The Bombardier Global 7500 benefits from wing advances that contribute significantly to its double-digit fuel burn advantage over previous-generation jets. (Photo: Bombardier)

Bizav Leaders See Sustainability as Good for Business

Business aviation has long suffered a perception problem over its carbon footprint, and the need to convince governments of the industry's commitment to environmental sustainability now more than ever presents a challenge. While the industry can claim it accounts for just 2 percent of the CO2 that commercial aviation emits, the view of a business jet as a gold-plated conveyance for a certain stratum of individuals with an outsized carbon footprint sometimes overshadows the societal good business aviation has done. Whether or not one considers that tension valid or understandable, industry leaders have come to recognize the importance of educating the public on the contributions business aviation has made to the technological progress from which everyone benefits.

Speaking recently with BJT on the subject, Bombardier Aviation president and GAMA environmental committee chairman David Coleal highlighted the fact that younger people—those who comprise what one day will become business aviation’s customer base—generally show more concern for the environment than previous generations. [Coleal was ousted from Bombardier shortly after we published this story.—Ed.] Consequently, said Coleal, exhibiting a commitment to sustainability makes good long-term business sense.

“We clearly have to make sure that our industry is not seen as a contributor, but as a leader in sustainability,” he commented. “So, from a social perspective, business aviation—with flight shaming and all these things—we’ve become an easy target. We have to continually be out front demonstrating leadership. And we all have to make sure that we’re not doing anything that is a detriment to our future customers. We want them to fly private so that they can see the benefit in safety and sustainability and advanced technology and job creation—all the great things this industry does.”

While much of today’s effort from the business aviation perspective centers on promoting the availability and viability of sustainable alternative fuels (SAF), new airframe, avionics, and engine technology, for example, have long contributed to the fuel-burn reduction and dramatic noise cuts vital to the aviation industry’s drive for environmental sustainability.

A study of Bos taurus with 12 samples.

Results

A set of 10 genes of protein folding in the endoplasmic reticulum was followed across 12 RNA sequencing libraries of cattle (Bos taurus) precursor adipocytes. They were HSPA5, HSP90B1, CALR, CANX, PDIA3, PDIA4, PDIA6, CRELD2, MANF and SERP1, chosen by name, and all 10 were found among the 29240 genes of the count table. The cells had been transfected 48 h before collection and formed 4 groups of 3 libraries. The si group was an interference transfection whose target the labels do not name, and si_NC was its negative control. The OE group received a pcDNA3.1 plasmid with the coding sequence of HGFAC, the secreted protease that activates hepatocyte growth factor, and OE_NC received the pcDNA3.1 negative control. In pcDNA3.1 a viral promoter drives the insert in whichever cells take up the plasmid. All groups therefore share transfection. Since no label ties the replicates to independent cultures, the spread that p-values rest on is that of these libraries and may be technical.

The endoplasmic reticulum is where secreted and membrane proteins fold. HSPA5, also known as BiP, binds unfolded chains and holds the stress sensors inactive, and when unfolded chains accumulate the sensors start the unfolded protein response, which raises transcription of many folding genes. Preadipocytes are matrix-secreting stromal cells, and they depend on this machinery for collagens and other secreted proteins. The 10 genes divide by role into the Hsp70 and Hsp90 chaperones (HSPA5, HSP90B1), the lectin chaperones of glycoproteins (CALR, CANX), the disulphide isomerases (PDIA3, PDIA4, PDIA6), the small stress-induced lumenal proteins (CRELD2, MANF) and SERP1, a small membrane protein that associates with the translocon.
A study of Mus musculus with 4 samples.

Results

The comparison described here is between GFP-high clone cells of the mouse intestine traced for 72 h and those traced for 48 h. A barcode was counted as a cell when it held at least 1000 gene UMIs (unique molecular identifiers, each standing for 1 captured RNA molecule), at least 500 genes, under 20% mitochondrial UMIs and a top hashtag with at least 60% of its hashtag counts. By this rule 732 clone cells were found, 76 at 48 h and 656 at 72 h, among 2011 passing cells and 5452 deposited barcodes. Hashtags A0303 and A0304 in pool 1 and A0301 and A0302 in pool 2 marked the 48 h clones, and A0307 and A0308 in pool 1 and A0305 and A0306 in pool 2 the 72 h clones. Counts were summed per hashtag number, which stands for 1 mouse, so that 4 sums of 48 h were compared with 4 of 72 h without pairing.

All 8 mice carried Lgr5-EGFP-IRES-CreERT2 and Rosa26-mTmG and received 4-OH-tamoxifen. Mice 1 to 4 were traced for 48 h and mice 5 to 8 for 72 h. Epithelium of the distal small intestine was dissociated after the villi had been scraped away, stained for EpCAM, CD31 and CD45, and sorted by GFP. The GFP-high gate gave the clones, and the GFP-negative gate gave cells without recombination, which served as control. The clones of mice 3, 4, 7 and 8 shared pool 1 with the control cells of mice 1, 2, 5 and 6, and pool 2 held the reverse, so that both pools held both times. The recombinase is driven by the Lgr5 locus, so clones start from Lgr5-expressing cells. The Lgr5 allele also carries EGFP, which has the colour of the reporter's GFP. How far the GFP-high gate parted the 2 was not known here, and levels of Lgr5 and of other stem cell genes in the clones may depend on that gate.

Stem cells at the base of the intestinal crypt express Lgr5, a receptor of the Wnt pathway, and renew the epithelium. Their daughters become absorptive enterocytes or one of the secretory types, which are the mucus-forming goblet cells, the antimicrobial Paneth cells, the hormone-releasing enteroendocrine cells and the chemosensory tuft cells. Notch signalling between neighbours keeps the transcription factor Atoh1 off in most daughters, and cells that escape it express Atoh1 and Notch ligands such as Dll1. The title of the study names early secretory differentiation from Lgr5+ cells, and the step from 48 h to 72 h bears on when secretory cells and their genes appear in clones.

Along with SAF, air traffic control infrastructure, and market-based measures, technological innovation today stands as one of the four pillars of sustainability, even if environmental concerns haven't always been an apparent motivator in the quest for better, faster, and more economical airplanes. While wing design advances allow for more speed and better performance overall, the industry can now point to the resulting environmental benefits their more efficient lift characteristics bring vis a vis less fuel burn.

While participating in the Virtual Business Aviation Sustainability Summit in mid-September, Coleal talked about the contribution of wing design advances to environmental progress, specifically citing the fuel burn improvements generated by Bombardier’s Global family. “For example, the Global 5500 and 6500 are 13 percent more fuel-efficient than their predecessors, and the 7500 features everything from a next-generation perspective,” said Coleal.

Flying Bombardier’s Global 7500



Coleal noted that a highly efficient wing allows an aircraft to benefit from other systems advances—in engines, for example. “I think this integration of the entire aircraft becomes important; it’s how we think about a recipe for the future,” he explained. “This helps reduce the whole CO2 footprint from cradle to operation to retirement.”

But just as an aircraft’s environmental footprint benefits from the smart integration of airframe with engines, a more efficient airplane needs an efficiently designed infrastructure to realize its full sustainability potential, added Coleal.

“Aircraft can typically come in and land quickly, but when you have this infrastructure that has planes vectoring out and loitering and burning fuel…it’s a waste,” he said. “That’s why I think the beauty of the way we’ve approached this is we want very advanced aircraft that can operate in a seamless, efficient operating system on the lowest emission fuel. All three of those things in conjunction I think give us a truly holistic approach to how we reduce emissions. And in the short term, if some of those aren’t there, you can use book and claim and carbon offsets to kind of round out the entire system.”